Much has been made of J.R. Smith’s offseason knee surgery and the suspension he’ll have to serve in the beginning of the season for failing a drug test. He’s been criticized (the Knicks, too) for a lack of accountability and responsibility in preparing for the season. However, what the Knicks will do in his absence hasn’t been discussed as much as the reasons for Smith’s absence.
Enter rookie Tim Hardaway Jr.
It’s entirely plausible that Mike Woodson may not even substitute another player in an already deep rotation to replace Smith. The Knicks can have Shumpert play more minutes in Smith’s absence, and the Knicks may go to two-point-guard lineups more often in order to fill the void in the back-court. However, if Woodson is looking to temporarily replace Smith, it may be Hardaway Jr.’s chance to prove himself worthy a spot in the rotation.
Mike Woodson has a strange, questionable disposition when it comes to playing rookies. That is, he doesn’t really like to play them. We saw this at times last year with Pablo Prigioni and Chris Copeland when Woodson would randomly deem it ineffective to play them and stick them to the bench. So, to begin with, Hardaway Jr. is already facing an uphill battle to crack the rotation.
However, in theory, he could fill a nice role on this team, especially without Smith. Hardaway Jr.’s M.O. in college was scoring, and he proved himself capable of carrying an offense with a blend of catch-and-shoot jumpers and off-the-dribble creation. The biggest criticism of his game, however, was that this ability to shoulder an offense ran hot and cold, and his shot selection could be questionable. With his potential role on the Knicks, these criticisms may prove themselves inconsequential.
Basically, the Knicks, when healthy, will always have a player capable of creating his own shot on the floor — be it Carmelo Anthony, Amar’e Stoudemire, Andrea Bargnani, J.R. Smith or even Raymond Felton to a degree. Hardaway Jr. won’t be asked to create all that often; instead, he’ll act as a floor-spacer and a guy who could create his own show, perhaps on a broken play, or on a defense closing out on him.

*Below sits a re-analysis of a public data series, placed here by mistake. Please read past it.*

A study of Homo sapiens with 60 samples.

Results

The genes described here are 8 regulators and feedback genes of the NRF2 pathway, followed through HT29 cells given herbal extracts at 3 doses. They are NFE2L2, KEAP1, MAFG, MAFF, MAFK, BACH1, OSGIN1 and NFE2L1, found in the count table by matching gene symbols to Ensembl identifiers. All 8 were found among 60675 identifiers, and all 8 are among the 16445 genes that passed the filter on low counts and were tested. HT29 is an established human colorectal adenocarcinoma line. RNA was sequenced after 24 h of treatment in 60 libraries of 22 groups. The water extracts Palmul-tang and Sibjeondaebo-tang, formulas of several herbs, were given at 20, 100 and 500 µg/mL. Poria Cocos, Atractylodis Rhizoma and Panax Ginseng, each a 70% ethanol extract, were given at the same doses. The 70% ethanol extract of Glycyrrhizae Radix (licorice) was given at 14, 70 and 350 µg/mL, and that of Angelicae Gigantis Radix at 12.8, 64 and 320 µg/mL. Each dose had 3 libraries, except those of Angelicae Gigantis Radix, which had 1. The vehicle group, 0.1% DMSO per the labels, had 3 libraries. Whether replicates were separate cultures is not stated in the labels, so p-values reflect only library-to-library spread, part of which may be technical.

In college, Hardaway shot 34% from beyond the arc, and that number jumps to 37% if a poor-shooting sophomore season is removed from the equation. So, Hardaway is capable of spacing the floor. Likewise, his off-the-dribble game is effective, especially in limited doses. In his sophomore year, he shot 46% off the dribble, a tremendous number, but just 31% of his pull-up jumpers in his junior year. According to his draft profile on DraftExpress, Hardaway Jr. is the rare type of scorer who shoots better off the dribble than off the catch. For his college career, Hardaway managed an impressive 1.01 points per shot on pull-up jumpers. With limited opportunities, this could make him a deadly weapon for the Knicks as a second or third option on the floor if he can adjust to the NBA game.
And that is also the key with THJ, as it is with any NBA rookie: can they adjust? They key for Hardaway Jr. would be accepting a smaller role with the Knicks, knowing he won’t be a key part of their offense, and then use his skills in fewer situations to become an efficient scorer. He’ll have to improve on catch-and-shoots as he’ll likely see more opportunities for open three-pointers given the defensive attention some of his teammates command. Similarly, he’ll need to learn to control himself and limit some of his trigger-happy ways. But with a noticeable hole at the two-guard to begin the season, it could be Hardaway Jr.’s chance to crack the rotation.